I remain very concerned that the U.S. dollar is vulnerable to a substantial decline. I have written extensively on the subject, as I believe it to be among our greatest economic threats.
I have heard the widespread arguments that conclude a lower dollar as positive and beneficial to the U.S. economy. However, I think these arguments are largely based on the assumption that such a dollar decline would be “reasonable” (i.e. not a sudden decline of unexpected magnitude). However, in my (admittedly very unique) opinion, various technical and fundamental analyses support a substantial dollar decline. My analysis indicates that once the U.S. dollar (currently at 77.07) falls below the 70-area it would likely usher in a new trading environment that would not be supportive.
Further supporting the idea that the U.S. dollar is vulnerable is the very strong price action of gold, other commodities, other currencies, and the stock market. While it may be easy to believe gold and other commodities are in a bubble, such strong price action (which has far outpaced the U.S. dollar’s decline to date) may well be indicating a large impending dollar decline.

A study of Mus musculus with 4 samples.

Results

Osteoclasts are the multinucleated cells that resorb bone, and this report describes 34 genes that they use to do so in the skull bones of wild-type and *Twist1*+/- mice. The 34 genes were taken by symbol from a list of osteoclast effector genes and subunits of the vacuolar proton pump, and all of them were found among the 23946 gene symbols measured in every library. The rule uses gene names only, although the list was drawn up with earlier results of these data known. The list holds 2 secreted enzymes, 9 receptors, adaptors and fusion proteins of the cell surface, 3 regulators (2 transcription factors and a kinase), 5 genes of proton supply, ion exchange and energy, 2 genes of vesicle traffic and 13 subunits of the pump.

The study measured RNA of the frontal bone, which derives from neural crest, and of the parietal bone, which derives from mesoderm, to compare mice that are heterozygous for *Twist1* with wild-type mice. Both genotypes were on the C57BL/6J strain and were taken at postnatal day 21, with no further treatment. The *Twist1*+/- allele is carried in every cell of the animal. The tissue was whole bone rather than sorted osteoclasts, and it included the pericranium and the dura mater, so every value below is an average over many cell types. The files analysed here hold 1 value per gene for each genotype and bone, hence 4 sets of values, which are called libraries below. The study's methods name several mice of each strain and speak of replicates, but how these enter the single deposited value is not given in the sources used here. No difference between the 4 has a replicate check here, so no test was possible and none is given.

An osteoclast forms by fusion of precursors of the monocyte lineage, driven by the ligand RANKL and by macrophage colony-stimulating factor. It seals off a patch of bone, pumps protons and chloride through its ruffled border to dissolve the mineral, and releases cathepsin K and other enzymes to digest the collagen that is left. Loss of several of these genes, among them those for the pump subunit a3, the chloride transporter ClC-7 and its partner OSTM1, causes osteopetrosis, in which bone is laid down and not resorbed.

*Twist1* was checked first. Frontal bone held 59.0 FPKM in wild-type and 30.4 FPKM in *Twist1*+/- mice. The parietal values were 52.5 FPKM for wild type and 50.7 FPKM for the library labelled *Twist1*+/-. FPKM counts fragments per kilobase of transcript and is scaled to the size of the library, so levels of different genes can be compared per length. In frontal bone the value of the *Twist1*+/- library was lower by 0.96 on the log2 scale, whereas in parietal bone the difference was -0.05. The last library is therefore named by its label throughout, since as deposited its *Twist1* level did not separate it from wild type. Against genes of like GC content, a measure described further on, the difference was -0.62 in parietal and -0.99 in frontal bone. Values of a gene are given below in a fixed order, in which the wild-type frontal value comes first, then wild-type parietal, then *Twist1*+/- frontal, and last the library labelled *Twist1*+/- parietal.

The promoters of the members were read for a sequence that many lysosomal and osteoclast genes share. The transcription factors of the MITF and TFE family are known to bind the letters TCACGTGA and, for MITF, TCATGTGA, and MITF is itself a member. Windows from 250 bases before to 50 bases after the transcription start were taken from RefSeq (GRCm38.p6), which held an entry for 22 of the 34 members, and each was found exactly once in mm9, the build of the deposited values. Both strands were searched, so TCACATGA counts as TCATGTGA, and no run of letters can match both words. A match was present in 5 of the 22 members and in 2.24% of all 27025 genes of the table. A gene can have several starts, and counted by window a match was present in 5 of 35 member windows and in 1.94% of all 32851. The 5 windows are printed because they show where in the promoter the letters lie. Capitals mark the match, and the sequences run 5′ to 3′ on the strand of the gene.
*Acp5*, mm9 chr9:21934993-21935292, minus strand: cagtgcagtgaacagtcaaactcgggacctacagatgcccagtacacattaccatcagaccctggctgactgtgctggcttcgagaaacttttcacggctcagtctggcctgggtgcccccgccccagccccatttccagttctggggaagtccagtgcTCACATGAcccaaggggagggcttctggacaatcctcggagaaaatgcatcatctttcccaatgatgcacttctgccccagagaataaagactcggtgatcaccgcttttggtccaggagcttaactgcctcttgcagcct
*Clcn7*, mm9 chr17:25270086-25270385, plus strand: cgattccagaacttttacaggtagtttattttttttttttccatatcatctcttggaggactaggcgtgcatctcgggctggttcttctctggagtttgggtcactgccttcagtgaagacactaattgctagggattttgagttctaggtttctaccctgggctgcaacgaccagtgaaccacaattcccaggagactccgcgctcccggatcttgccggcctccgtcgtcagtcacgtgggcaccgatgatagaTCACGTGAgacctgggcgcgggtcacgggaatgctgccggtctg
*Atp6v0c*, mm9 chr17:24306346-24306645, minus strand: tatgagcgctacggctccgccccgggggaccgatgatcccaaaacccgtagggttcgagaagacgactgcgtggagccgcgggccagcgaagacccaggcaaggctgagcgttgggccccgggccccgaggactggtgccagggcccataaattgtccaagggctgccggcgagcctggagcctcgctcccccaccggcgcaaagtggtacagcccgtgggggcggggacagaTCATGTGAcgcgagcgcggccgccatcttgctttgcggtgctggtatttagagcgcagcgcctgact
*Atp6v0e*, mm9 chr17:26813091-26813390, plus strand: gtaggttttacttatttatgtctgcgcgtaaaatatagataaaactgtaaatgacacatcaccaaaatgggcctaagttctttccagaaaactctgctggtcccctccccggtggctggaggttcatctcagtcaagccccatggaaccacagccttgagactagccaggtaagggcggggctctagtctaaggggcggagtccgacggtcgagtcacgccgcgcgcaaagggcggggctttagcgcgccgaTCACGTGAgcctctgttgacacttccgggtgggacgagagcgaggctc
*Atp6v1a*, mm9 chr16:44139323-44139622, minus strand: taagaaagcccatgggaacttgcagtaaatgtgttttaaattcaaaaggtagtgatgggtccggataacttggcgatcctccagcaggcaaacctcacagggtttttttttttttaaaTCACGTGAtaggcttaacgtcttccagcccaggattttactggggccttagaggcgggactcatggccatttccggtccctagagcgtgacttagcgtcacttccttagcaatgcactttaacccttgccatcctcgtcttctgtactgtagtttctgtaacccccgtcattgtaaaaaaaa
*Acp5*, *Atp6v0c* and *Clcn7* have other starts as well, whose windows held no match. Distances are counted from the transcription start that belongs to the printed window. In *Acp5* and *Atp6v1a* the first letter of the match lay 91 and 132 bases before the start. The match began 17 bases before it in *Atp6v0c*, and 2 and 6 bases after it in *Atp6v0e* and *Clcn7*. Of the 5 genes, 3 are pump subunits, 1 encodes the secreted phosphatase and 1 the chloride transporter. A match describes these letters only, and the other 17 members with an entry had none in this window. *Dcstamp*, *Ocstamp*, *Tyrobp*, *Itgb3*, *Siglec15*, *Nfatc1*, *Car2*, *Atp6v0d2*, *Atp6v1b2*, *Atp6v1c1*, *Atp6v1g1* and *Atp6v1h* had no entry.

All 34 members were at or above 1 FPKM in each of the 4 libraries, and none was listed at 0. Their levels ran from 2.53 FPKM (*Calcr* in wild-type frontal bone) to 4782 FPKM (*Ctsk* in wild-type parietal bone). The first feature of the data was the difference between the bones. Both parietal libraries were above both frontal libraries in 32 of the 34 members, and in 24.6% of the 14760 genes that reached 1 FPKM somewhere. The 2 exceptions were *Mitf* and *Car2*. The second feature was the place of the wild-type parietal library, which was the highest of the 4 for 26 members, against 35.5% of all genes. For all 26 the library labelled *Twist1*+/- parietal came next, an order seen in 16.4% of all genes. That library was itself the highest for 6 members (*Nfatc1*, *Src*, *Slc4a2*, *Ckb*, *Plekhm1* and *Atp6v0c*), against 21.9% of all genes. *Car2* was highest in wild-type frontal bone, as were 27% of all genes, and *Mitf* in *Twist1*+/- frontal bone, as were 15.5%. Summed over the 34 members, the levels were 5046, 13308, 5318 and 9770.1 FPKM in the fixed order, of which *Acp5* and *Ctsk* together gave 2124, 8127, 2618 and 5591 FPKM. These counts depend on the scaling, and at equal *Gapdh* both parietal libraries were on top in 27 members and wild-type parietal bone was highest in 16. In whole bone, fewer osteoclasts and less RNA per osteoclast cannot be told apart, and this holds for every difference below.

Should a substantial U.S. dollar decline occur, as my analysis indicates, I think it will prove very detrimental to the U.S. economy and financial markets. Furthermore, it will prove very difficult to reverse.
The U.S. has never had to deal with a currency crisis and its concomitant adversity. This quote from John Maynard Keynes, from his book Economic Consequences of the Peace, highlights the perils of currency debasement:
Lenin was right. There is no subtler, no surer means of overturning the existing basis of society than to debauch the currency. The process engages all the hidden forces of economic law on the side of destruction, and does it in a manner which not one man in a million is able to diagnose.
Disclosure: I have no positions in any stocks mentioned, and no plans to initiate any positions within the next 72 hours.